A tectonic plate, diplomatically, shifted this past Monday and you probably didn’t even feel a tremor; and that’s a good thing. As a result of some Papal intercession and a sudden outbreak of common sense on both sides of the Straits of Florida, the People’s Republic of Cuba and the United States of America have renewed full diplomatic relations for the first time in over five decades and the US Embassy in Havana had a ‘soft opening’ to mark the change of political climate.
Suspect there’s some restiveness from former Cuban citizens who fled the Workers’ Paradise with little more than the clothes on their backs in all these years and who were the lucky ones to make it to the US. They, and in most cases, their children and grandchildren will need some time to become comfortable with yet another version of the New World Order.
Sports agents for Cuban baseball players may or may not be breathing a Cy of relief (¿Has visto lo que hice allí?) as trying to smuggle whole teams off the island in the trouser legs of their Armani three-piece suits was becoming problematic. I’ll be curious to see how long it takes Major League Baseball to set up American and National League teams for Havana. Wonder if they’d call one of them Yanquis Go Home and what would the Steinbrenner Family do?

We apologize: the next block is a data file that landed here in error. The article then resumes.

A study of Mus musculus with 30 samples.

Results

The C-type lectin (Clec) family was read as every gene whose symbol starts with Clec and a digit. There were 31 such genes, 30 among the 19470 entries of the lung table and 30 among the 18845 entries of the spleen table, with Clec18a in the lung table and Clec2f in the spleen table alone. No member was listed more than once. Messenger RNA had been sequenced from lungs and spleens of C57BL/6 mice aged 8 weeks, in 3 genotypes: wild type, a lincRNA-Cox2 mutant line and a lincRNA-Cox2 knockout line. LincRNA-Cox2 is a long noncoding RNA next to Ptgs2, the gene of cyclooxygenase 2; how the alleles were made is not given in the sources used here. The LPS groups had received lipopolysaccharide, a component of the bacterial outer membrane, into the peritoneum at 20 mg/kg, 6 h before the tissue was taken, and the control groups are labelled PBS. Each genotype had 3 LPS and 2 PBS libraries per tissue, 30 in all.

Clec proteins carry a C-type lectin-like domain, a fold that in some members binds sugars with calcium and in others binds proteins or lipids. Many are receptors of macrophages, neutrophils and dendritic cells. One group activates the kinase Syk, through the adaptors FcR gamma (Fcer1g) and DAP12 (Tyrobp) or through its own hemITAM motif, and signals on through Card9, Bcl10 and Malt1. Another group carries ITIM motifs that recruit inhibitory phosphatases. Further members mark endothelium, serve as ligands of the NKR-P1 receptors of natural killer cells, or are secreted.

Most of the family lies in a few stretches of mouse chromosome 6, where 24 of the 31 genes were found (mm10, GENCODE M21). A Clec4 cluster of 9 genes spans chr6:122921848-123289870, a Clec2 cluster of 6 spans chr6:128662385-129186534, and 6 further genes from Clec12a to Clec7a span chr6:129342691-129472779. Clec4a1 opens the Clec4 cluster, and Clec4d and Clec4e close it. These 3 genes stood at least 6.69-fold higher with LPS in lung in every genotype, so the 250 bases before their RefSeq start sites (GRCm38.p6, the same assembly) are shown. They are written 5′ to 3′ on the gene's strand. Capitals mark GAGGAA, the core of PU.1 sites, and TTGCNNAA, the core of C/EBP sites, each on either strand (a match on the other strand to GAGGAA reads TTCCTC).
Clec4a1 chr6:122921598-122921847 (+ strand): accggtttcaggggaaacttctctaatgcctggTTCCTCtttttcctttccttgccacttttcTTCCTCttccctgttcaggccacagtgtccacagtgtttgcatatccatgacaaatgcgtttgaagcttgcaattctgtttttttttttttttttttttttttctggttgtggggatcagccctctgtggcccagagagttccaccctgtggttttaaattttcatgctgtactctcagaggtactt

Not forgetting the unhappiness of cigar bootleggers as their stockpile of illicit Cuban cigars loses both its cachet and a not inconsiderable amount of its resale value as relations between the two countries are ‘normalized.’ I love that word; it sounds like something you do with recipes calling for onions, but (of course) without the onions because they would make us cry.
Not sure what happens to those in the employ of Radio y Televisión Martí. In theory, there should be a lot of time for film and record library inventories, transmitter maintenance work and resume polishing. Many staffers, I suspect will compete for those in the employ of The Pentagon Channel, now known as the DoD News Channel.
One of the amusing things about growing old (up is always optional, btw) is standing in one place and watching the river flow. I was a wee slip of a lad when people I didn’t know and would never meet took white-out to the map of the Caribbean and eliminated Cuba. And here we are a half-century and change later, redrawing the map, as we prepare to meet the challenge of the new frontier.